12 Aug Coming of Age of Cyber Insurance
Cyber Benefits from Shift to Enterprise Risk Management
Flipping through the 150-page 2012 RIMS Benchmark Survey, in preparation for an interview on the study’s findings (see Social Media Risks: Weigh Pros, Cons), I noticed lots of figures on payouts for auto, aviation, fiduciary, marine, malpractice, worker’s compensation policies and so on, but not much on cyber.
In the section about IT industry liability, RIMS reported 32 data breaches with insurance payouts totaling $91 million in 2011. In the telecom sector, the study reported 10 cases of unauthorized data distribution and $170 million in payouts. Otherwise, the survey by the society of risk managers didn’t provide much else on cyber insurance. Why so?
More and more companies are creating committees that span the organization to address data security issues, and increasingly that includes the risk management department.
“Cyber exposure is increasingly a part of the concerns of the risk managers, but that is actually a relatively recent development,” says David Bradford, the benchmark survey’s editor. “Until just a few years ago, cyber exposure was conceived pretty much in the domain of the IT department, and risk managers didn’t have a whole lot to do with it. In the past few years that has changed, but only about a third of large companies buy cyber-insurance polices.”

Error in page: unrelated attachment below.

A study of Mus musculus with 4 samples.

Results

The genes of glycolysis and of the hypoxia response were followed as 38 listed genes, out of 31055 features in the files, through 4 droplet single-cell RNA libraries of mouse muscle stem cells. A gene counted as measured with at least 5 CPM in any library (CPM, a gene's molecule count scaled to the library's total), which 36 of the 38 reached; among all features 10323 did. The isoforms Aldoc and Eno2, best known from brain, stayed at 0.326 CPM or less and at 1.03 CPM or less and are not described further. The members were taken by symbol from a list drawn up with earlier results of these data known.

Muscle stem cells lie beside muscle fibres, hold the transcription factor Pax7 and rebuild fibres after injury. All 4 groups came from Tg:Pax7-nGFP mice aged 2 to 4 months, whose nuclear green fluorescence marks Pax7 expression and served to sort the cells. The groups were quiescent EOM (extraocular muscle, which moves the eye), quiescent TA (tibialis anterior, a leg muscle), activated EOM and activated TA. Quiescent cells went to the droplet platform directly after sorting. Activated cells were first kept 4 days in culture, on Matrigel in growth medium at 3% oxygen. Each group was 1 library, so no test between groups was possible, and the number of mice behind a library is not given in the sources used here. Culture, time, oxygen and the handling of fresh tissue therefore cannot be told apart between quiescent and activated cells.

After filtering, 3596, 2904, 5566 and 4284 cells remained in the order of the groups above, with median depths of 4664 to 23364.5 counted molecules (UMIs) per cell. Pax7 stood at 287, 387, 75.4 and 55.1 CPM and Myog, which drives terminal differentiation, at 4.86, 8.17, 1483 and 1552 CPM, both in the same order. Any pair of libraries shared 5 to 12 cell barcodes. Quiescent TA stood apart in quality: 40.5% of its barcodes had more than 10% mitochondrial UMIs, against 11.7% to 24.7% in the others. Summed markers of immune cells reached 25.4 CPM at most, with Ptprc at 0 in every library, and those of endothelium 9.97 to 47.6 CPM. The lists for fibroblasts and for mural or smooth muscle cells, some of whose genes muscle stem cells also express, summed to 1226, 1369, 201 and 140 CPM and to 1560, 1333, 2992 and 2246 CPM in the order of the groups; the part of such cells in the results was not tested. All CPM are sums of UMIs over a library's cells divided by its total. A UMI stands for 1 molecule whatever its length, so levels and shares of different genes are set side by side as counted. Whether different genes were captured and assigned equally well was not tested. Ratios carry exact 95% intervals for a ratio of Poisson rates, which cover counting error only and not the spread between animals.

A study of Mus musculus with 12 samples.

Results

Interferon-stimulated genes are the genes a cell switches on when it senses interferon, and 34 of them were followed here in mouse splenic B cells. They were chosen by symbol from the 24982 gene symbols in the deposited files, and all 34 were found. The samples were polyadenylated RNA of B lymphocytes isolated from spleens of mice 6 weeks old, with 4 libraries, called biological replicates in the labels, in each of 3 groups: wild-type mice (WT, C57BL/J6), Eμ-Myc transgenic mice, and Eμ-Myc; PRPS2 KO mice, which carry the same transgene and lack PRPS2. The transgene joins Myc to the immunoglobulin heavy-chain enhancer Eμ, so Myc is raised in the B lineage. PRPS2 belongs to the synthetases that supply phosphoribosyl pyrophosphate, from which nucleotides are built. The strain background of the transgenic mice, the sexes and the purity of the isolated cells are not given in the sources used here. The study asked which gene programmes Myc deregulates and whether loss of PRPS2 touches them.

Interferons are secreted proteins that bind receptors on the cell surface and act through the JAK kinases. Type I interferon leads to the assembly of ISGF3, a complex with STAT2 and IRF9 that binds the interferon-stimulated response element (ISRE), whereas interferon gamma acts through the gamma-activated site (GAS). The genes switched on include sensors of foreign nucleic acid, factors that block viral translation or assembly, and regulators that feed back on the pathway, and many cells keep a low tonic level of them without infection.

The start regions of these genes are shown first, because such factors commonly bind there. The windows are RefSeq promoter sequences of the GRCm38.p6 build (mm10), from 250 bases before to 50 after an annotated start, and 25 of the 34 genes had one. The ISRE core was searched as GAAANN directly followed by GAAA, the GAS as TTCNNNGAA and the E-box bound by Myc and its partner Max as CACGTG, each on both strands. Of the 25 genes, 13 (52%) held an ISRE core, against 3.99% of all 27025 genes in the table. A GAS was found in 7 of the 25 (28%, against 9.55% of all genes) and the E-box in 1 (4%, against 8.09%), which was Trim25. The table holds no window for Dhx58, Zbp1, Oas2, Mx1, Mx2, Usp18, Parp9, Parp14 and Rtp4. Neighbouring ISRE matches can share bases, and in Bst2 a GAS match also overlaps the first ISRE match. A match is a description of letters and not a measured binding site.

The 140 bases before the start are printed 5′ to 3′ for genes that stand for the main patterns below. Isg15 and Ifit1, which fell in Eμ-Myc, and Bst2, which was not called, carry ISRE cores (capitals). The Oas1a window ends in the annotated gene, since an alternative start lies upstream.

Fifty-six percent of survey respondents said their organizations had not yet purchased cyber insurance, while 38 percent said they had a policy and 6 percent didn’t know.
The survey results are indicative of what’s occurring in the marketplace but don’t purport to show exact amounts being paid out by cyber insurers. But Bradford predicts more organizations will purchase cyber insurance in the years to come – and risk managers will become more involved in buying the policies.
Taking a Broader View of Risk
Organizations have been assessing risks in silos rather than enterprisewide. Risk managers have viewed risk narrowly, for example, by assessing liabilities resulting from fiduciary responsibilities separately from, say, workmen’s compensation. Not that they aren’t and won’t continue to be assessed independently, but over the past decade or so, enterprise risk management – has been gaining momentum. And because information technology deals with nearly every aspect of an organization’s operation, assessing cyber risks fits neatly with the trend toward enterprise risk management.
“As far as data security goes, increasingly companies are looking at it as an enterprisewide problem and not just something that sits on the servers in the IT department,” Bradford says. “And, it’s especially the case now that more and more companies have employees with mobile devices that are connected to the system that could be lost or stolen. More and more companies are creating committees that span the organization to address data security issues, and increasingly that includes the risk management department.”
The movement toward assessing cyber risks as part of enterprise risk management is just one more piece of evidence that supports the contention that information security is becoming too strategic for organizations to be ignored by anyone – including risk managers.